Rotation Speed (Aviation Blog)


So you're a pilot and you finally have your hands on an iPad.  And of course you waited for 3G to take advantage of the GPS chip and mobile data capabilities so you could use it as an EFB.  Now you want to take it up in the plane and one question quickly arises, "How do I anchor this thing?"  A few of us have been talking about it.  There is one iPad kneeboard solution that exists as I write this, which looks quite good but is $150.  I did a little searching online and a couple of other people had worked out home made solutions.  Click here for the best one of those. And with a nod to his great work, here is my current home made solution to the iPad kneeboard problem.  You can click on any thumbnail to get a bigger view.

I bought an inexpensive plastic holder from www.boxwave.com which I modified.  (If you're following at home it is the "Matte Slip, Apple iPad, Super Blue" version.)  It started as a four-sided holder with a hole in the center of the back for the Apple logo to show through.  The goal was to make something that would hold my iPad in its Apple case, allow me to strap it to my knee and still open the iPad case lid.  So I sliced off the left edge so it wouldn't hold the case lid closed. Then I sliced two holes into the back to feed my strap through.  (I already owned this strap although they are probably available in many places.)  This second picture shows the strap installation from the back side after my mods.

Now to install the iPad in the Apple case. In this first picture you get a look at how the Apple case fits into the new holder at the edges.  It isn't a great fit, but the edge of the Apple case is grabbed nicely by this holder's hard rubber edge.  The next picture shows the "sliced" left edge as it meets the back side of the Apple case.  Not a perfect cut, but good enough to get the job done.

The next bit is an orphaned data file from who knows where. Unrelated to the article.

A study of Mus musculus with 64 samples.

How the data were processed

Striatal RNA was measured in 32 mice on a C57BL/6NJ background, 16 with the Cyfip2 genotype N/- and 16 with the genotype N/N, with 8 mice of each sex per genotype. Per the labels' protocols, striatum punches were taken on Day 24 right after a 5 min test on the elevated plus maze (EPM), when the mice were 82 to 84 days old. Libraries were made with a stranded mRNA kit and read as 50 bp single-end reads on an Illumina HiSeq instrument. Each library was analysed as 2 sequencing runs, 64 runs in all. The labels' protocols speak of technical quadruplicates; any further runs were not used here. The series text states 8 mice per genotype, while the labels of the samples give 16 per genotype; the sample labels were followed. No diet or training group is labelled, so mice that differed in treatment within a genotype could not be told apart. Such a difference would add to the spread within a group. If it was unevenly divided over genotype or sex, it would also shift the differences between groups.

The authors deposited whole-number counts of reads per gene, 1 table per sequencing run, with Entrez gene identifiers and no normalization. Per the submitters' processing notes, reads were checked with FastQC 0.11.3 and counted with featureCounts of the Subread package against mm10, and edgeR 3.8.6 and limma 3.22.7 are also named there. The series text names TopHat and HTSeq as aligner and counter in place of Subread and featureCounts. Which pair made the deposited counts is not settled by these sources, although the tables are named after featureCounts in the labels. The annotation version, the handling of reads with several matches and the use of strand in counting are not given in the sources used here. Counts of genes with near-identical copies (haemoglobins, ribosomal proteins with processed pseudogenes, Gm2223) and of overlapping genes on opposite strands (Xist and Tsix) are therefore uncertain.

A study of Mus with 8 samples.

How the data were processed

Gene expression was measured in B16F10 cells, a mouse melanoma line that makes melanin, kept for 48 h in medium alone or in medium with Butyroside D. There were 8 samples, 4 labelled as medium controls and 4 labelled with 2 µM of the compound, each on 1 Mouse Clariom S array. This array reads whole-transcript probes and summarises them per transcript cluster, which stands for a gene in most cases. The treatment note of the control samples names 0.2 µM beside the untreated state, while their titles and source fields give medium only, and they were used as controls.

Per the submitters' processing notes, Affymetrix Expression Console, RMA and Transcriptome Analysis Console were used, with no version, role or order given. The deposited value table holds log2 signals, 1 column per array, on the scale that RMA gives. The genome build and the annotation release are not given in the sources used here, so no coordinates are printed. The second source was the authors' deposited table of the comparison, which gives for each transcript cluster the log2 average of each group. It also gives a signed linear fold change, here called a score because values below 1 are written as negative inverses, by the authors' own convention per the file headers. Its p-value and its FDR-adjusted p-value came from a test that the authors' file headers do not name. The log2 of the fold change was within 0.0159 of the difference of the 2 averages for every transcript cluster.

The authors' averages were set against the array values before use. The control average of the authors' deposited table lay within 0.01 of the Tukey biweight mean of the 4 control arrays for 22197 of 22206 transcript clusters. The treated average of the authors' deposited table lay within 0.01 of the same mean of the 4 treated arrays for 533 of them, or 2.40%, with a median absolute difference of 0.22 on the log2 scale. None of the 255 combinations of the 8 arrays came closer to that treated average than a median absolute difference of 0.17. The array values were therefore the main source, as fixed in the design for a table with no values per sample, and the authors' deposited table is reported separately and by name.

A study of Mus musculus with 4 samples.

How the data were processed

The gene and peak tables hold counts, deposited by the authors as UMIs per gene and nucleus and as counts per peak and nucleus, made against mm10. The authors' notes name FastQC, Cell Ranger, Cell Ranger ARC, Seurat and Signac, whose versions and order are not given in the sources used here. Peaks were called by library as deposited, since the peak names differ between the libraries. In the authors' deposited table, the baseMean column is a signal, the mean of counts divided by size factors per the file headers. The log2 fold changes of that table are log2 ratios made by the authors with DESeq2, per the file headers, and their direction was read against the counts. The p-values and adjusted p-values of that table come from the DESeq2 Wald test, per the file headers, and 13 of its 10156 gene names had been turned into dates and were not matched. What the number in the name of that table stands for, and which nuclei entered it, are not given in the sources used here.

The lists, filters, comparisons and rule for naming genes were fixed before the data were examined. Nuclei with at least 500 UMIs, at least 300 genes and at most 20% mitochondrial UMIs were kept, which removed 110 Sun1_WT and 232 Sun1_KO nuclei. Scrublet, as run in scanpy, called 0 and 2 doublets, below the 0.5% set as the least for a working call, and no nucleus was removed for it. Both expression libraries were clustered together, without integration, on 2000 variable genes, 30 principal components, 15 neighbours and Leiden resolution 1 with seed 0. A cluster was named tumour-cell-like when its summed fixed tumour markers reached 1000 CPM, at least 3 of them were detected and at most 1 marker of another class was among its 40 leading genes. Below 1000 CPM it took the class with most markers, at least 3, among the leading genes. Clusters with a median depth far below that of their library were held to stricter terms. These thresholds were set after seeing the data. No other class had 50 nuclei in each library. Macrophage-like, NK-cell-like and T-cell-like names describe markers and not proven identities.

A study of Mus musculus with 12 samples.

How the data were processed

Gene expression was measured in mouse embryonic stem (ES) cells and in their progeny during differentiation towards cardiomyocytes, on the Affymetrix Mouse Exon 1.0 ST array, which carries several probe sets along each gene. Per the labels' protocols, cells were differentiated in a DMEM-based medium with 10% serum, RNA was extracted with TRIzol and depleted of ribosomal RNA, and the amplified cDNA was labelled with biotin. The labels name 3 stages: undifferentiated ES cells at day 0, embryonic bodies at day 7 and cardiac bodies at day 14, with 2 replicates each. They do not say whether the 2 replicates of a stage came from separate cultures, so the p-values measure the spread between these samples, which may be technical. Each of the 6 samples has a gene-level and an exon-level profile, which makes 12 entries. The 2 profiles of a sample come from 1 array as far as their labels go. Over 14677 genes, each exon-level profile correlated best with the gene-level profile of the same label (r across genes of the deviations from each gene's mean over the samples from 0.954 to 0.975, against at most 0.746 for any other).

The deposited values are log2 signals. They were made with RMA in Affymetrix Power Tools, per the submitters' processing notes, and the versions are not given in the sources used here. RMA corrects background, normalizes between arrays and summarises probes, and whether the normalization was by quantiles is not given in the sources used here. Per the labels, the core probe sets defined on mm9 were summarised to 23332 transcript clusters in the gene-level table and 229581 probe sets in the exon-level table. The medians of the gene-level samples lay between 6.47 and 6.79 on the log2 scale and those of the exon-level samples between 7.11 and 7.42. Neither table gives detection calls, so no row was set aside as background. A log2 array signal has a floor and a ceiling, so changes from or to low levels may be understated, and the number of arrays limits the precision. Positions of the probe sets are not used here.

The whole unit is now not much heavier or bigger than the iPad itself.  The back shows how the straps look coming out of the installation slits and how big it is for handling in the plane.



You can see that because the holder is meant for the iPad, you still get relatively good access to the switches.  You'll also now begin to see the reason to keep the lid functional.  Notice that small clip on the top edge of the cover.

You can use the Apple case lid as a place to keep paper information or a place to write with an actual pen or pencil on paper. IF you need to use actual paper that is!

I have also added one more thing to my iPad 3G EFB, which is a glare-reducing plastic sheet overlay. Also from boxwave.com it is the "ClearTouch Anti-Glare, Apple iPad" sheet.  First impression is that it does give the iPad screen a matte finish and does reduce the amount of finger smudging that is visible.  But this particular product isn't cheap and is impossible to get on perfectly (which is probably par for the course.)  So know going in that perfection or a total lack of bubbles is not possible.  You can however clean it with soap and water which I did several times as I tried in vein to perfect the installation, but if you aren't in a sterile room, you can expect hair and dust to get under there during the process.  That said, the screen is still very bright, definitely less glare-y and easier to clean.  I may not leave it on all the time, but I think it will help in the cockpit.  Next up, an in-flight test.  Pirep to come.